The case involves a protective abuse order against a man identified as a Kennedale resident. The protective order was obtained by his former girlfriend and it forbade him from harassing, stalking, or threatening her and from possessing a firearm. The man does have a history of shooting weapon(s) in public and other individuals.
Both State and Federal law in the past has prohibited domestic abusers who are charged with a felony, or misdemeanor or are under a protective order from possessing a gun.
protective orders with restrictions on firearms have been overturned, upheld, and overturned again at the federal level …
The man appealed the order involving his possession of guns on the grounds that he had a constitutional right to possess firearms. He had reason to do so as the issue has become clouded. A U.S. District Judge in Texas signed an opinion said that disarming those under protective orders violates their Second Amendment rights. The Fifth Circuit Court of Appeals in New Orleans initially ruled against that decision and let the protective orders stand.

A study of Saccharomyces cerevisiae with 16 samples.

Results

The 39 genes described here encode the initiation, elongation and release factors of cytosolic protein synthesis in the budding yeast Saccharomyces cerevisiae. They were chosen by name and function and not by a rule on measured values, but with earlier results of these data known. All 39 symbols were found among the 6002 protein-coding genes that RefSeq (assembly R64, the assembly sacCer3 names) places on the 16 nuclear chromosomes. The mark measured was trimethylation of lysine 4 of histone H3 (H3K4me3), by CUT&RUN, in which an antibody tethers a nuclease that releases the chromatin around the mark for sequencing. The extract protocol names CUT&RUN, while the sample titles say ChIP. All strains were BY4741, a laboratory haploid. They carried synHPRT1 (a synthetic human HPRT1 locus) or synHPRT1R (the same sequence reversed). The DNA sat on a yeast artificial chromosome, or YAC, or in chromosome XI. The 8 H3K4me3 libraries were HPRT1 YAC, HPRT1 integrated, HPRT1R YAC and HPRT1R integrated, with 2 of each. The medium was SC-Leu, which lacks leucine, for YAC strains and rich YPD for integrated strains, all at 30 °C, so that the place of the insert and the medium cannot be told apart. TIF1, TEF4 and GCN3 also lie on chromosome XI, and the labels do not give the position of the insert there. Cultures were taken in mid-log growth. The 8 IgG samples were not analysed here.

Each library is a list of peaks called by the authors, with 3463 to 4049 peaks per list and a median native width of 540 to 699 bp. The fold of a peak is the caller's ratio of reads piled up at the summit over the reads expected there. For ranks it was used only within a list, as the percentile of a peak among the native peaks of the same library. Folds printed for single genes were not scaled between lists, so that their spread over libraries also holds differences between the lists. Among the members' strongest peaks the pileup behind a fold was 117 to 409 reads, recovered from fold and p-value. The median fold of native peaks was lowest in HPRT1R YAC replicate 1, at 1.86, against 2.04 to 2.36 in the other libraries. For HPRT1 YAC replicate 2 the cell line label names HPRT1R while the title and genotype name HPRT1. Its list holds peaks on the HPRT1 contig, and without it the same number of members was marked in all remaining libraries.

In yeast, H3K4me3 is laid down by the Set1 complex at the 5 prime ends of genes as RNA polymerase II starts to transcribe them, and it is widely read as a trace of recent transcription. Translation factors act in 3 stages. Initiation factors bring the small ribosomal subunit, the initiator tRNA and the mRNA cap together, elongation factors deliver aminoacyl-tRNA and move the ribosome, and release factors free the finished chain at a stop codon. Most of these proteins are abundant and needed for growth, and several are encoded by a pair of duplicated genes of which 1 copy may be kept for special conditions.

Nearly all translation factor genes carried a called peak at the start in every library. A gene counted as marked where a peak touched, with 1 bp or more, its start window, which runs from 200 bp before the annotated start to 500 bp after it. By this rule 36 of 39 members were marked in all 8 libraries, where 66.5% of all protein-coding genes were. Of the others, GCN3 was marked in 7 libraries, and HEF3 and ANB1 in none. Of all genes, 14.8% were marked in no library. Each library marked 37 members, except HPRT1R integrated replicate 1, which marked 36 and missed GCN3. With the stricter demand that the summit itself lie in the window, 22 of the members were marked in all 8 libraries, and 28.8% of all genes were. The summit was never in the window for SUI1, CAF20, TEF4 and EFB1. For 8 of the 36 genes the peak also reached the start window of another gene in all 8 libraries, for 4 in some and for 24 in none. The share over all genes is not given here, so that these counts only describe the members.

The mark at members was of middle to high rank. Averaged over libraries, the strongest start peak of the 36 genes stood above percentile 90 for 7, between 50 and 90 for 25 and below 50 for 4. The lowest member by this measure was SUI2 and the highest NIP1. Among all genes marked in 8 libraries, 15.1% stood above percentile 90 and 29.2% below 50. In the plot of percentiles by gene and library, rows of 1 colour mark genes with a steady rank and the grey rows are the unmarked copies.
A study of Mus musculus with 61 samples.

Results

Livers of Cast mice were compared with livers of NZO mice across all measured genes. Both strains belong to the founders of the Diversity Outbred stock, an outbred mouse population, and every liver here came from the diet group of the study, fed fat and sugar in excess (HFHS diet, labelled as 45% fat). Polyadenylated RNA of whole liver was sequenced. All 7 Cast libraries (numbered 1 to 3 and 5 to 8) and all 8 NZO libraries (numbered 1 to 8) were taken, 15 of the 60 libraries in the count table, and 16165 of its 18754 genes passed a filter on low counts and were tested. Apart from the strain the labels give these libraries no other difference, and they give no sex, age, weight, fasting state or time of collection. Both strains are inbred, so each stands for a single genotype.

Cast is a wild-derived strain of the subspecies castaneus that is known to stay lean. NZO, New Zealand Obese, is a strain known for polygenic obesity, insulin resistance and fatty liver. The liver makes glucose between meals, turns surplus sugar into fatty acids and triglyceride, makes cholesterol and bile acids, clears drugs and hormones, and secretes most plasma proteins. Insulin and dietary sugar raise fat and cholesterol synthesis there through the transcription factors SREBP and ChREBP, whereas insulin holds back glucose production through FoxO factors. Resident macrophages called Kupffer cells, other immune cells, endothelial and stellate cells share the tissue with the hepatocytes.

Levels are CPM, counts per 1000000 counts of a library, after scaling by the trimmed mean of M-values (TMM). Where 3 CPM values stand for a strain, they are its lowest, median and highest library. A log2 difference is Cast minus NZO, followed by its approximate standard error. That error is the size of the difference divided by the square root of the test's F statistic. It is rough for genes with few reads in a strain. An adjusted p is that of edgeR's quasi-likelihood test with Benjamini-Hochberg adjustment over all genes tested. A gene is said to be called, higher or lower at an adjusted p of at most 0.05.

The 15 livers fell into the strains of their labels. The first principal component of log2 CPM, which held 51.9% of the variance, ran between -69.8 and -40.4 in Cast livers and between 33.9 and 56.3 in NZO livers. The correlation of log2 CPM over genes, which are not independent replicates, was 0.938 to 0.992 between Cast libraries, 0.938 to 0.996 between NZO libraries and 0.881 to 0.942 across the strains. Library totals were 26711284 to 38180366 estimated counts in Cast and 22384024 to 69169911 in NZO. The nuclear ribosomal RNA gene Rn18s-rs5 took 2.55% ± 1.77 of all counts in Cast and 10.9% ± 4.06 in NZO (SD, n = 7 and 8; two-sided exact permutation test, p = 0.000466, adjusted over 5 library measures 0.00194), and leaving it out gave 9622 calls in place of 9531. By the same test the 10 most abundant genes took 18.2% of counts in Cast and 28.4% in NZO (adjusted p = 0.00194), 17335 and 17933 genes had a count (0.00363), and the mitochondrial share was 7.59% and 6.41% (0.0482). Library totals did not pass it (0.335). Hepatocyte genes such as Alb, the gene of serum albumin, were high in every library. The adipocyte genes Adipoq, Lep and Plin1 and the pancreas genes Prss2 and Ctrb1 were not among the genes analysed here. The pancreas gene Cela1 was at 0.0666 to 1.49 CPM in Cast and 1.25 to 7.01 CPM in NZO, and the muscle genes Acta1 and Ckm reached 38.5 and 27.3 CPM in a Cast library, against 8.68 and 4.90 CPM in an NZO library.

However, after the United States Supreme Court last year said that the government must justify gun control laws by showing that they are “consistent with the Nation’s historical tradition of firearm regulations”, the New Orleans court withdrew its earlier decision and allowed the lower court ruling to stand in August 2022.
And, in February of this year, the United States Court of Appeals for the 5th Circuit ruled specifically in the Kennedale man’s case and agreed that he could not be prohibited from the possession of firearms based on a protective order. See order
Since then the U.S. Justice Department has asked the Supreme Court to review the issue directly.
Local state court’s protective orders involving gun restrictions are still in effect …
Interestingly, the decision by the New Orleans court currently has no bearing on protective orders issued by local state courts including those in Texas. Those orders are still legal in state courts and must be followed. However, that all could change if the Supreme Court upholds the lower court’s ruling and state laws come under challenge.